After 40, going up a cup may be inevitable, especially because of hormonal imbalance and weight gain. But if you’ve already got large breasts and don’t like to show them with the same easiness as Kim Kardashian, the big question “Emphasize or conceal?” might come up to your mind.
Some midlife women prefer to compress their chests or hide them in oversized oxford shirts, loose-fitting cashmere sweaters, and baggy white T-shirts, others opt for suitable necklines, fabrics, and silhouettes to complement their shape, avoiding that matronly look.
Here are some style notes we’ve put together in order for you to learn how to flatter your large bust (rather than being embarrassed).
It’s all about balance
So much of successfully dressing your bust is about creating good proportions. If you want to balance them out a little, you should first learn to emphasize the waist. You can either reveal a fabulous hourglass shape by wearing belts with fitted, shift and wrap dresses or accentuate your curves by tucking in only the front of your relaxed blouse or tee with pants or jeans to lengthen your torso and restore that waist definition. You can also opt for peplum tops.
These are good at taking you from feeling like a lollipop to a more balanced shape – explains Alice Fawke, the founder of an eponymous label for women with larger busts-. Try to pick ones where the peplum flare isn’t too exaggerated or you might feel like the fold of an accordion. Also, ensure that the waist seam (the point at which the peplum starts) is relatively low
The right bra is crucial
Always choose a good bra underneath that supports your breasts and lifts them up. Many women have never had a professional fitting, but it really is important. Finding the right one can quite literally transform your wardrobe; it may sound obvious but it has to be supportive, comfortable and available in your cup size.
Susan Moses, celebrity stylist and author of The Art of Dressing Curves, recommends a full-coverage seamless bra with a plunging neckline for T-shirts, fitted tops and blouses made in thin fabrics. When wearing dresses or tops that are strapless, one-shouldered or racerback, then opting for a bra with convertible straps is the best choice. Instead, “if your desire is to reduce your bust for a very fitted blouse or top, the minimizer is designed to decrease your bust by 1.4 inches and more“.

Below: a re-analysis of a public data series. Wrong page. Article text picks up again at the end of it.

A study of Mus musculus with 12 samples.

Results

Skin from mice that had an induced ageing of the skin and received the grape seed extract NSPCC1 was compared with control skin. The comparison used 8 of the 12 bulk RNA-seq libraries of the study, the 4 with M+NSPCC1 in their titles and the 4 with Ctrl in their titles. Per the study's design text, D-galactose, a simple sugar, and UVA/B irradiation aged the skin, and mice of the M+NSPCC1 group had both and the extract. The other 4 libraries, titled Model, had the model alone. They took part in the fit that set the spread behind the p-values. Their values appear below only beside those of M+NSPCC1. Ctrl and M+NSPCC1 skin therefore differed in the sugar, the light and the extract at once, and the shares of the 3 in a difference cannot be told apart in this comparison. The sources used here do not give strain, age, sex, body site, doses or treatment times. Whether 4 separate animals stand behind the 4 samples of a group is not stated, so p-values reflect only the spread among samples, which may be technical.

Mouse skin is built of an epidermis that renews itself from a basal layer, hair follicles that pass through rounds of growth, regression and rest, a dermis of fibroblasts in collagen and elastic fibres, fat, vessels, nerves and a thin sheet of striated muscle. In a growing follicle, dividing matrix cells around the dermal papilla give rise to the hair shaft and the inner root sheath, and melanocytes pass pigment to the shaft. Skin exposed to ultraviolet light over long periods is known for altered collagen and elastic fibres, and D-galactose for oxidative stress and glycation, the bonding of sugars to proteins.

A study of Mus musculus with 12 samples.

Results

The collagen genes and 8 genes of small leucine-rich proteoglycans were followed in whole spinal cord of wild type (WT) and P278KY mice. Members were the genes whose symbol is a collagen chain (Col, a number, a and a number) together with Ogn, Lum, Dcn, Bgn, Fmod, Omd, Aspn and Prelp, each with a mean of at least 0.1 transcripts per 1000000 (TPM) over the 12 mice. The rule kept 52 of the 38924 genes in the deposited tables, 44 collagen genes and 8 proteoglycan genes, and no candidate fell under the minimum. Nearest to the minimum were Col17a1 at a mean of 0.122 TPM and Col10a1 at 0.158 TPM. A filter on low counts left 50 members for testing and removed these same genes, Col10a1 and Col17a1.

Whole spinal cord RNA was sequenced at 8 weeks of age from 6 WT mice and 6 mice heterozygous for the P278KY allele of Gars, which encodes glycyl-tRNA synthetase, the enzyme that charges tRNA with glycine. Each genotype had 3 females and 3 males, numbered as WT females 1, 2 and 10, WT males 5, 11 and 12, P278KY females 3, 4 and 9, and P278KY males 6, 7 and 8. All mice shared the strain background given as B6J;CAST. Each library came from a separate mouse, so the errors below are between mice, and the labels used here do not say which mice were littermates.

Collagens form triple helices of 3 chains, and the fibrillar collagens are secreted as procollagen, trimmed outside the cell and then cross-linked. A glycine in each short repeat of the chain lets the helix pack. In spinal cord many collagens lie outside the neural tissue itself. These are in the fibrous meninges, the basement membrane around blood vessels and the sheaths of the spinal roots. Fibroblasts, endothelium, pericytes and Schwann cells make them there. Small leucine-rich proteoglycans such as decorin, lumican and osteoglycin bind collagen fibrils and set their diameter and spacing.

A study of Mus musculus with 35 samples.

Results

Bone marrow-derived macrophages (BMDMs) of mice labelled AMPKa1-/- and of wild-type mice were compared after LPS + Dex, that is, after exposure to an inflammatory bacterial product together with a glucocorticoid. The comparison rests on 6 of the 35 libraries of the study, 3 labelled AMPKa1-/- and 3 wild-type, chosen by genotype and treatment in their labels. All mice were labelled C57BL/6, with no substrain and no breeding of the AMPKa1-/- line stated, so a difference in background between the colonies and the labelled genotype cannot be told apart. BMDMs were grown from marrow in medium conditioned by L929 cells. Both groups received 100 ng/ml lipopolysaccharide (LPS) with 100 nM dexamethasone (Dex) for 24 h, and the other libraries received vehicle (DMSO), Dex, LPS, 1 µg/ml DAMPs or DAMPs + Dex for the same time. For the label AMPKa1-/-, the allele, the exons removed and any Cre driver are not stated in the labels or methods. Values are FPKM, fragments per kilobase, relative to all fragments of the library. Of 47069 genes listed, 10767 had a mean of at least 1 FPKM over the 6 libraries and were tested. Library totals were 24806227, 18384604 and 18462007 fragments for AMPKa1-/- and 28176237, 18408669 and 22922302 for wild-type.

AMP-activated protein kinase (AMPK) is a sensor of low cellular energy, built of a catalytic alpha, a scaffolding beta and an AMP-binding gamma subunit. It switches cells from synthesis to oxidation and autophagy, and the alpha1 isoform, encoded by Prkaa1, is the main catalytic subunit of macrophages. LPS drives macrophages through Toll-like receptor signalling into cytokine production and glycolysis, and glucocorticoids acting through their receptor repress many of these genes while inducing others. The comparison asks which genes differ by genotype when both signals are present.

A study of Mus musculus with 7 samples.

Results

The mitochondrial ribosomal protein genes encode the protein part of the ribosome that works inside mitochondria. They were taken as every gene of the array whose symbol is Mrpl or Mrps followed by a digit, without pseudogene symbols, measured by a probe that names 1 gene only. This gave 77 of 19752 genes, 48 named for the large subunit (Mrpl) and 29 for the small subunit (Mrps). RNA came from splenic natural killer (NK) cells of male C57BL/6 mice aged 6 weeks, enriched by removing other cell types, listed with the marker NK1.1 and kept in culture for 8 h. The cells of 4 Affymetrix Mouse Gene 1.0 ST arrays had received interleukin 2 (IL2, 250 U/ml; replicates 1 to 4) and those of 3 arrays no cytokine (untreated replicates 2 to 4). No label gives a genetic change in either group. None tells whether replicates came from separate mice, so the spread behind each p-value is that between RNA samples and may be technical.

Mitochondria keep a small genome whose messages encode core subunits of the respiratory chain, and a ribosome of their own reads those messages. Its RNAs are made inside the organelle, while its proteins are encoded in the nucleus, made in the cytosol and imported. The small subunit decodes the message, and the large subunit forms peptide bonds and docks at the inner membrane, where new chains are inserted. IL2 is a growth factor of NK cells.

Mind your neckline
There are several styles to consider when it comes to necklines. V necks, scoop necks and square necks don’t bulk you up with extra fabric and can create an elegant frame for the bust ensuring more balanced proportions. Our favourite is the square one because it draws attention to your decolletage and away from your bust. High necks like turtle or polo’s should be avoided as they often make your breasts appear bigger while the upper body looks shortened.
The key to a flattering neckline for big busts is to break up the distance from the chin to the bottom of the bust, meaning a big bust will not only look smaller but appear to sit higher – says Melbourne’s leading personal stylist Sally Mackinnon-. Wearing a high neckline like a crew neck makes the bust appear like it’s sitting low because there’s no skin to break up the distance between chin and boob. A cowl neck is also a good choice. It creates a soft drape that visually minimises the bust. The idea here it’s to ensure there’s not too much fabric in the cowl – we want to minimise the bust not add bulk to it.
Get the fit and style right
Avoid chunky knits, heavy sweaters, large graphic prints, and anything that is too fluffy or too shiny as they can add bulkiness to your chest area. Also, stay away from elaborated detailing around your chest: tops and dresses with flounces and ruffles can make the bust look bigger. Instead, opt for softer fabrics that can stretch and mould your curves and stick to simple well-shaped pieces.
When it’s the case of wearing jackets and blazers, know that clever tailoring makes such a difference to an outfit (structured blazers can often give soft bodies and full breasts a sculpted, firm look). If you’re looking for staple pieces to enrich your wardrobe, choose bodycon, form-fitting clothes, and silhouettes from the ‘50s and ‘80s or look for specific brands like Bombshell or Miriam Baker.
Divert and distract
There are a couple of tricks that might work for big-breasted women. Wearing sleeve lengths that do not finish near the same height as your mid bust point is one of those. Think of sleeves that puff and give an optical illusion grabbing attention away from your bust and for an everyday look, choose raglan and drop-shoulder style tees and sweaters that provide ease through the chest without looking baggy or oversized.
In terms of accessories, choose statement pieces of jewellery like necklaces worn on the skin of low necklines: they visually reduce the size of your chest because they create a focal point away from the bust.
The secret to dressing stylishly and tastefully as a large-chested woman is to understand your body and what looks good in it, bringing your female figure to the fore with confidence. In the end, your cleavage is an asset that many women might envy you for.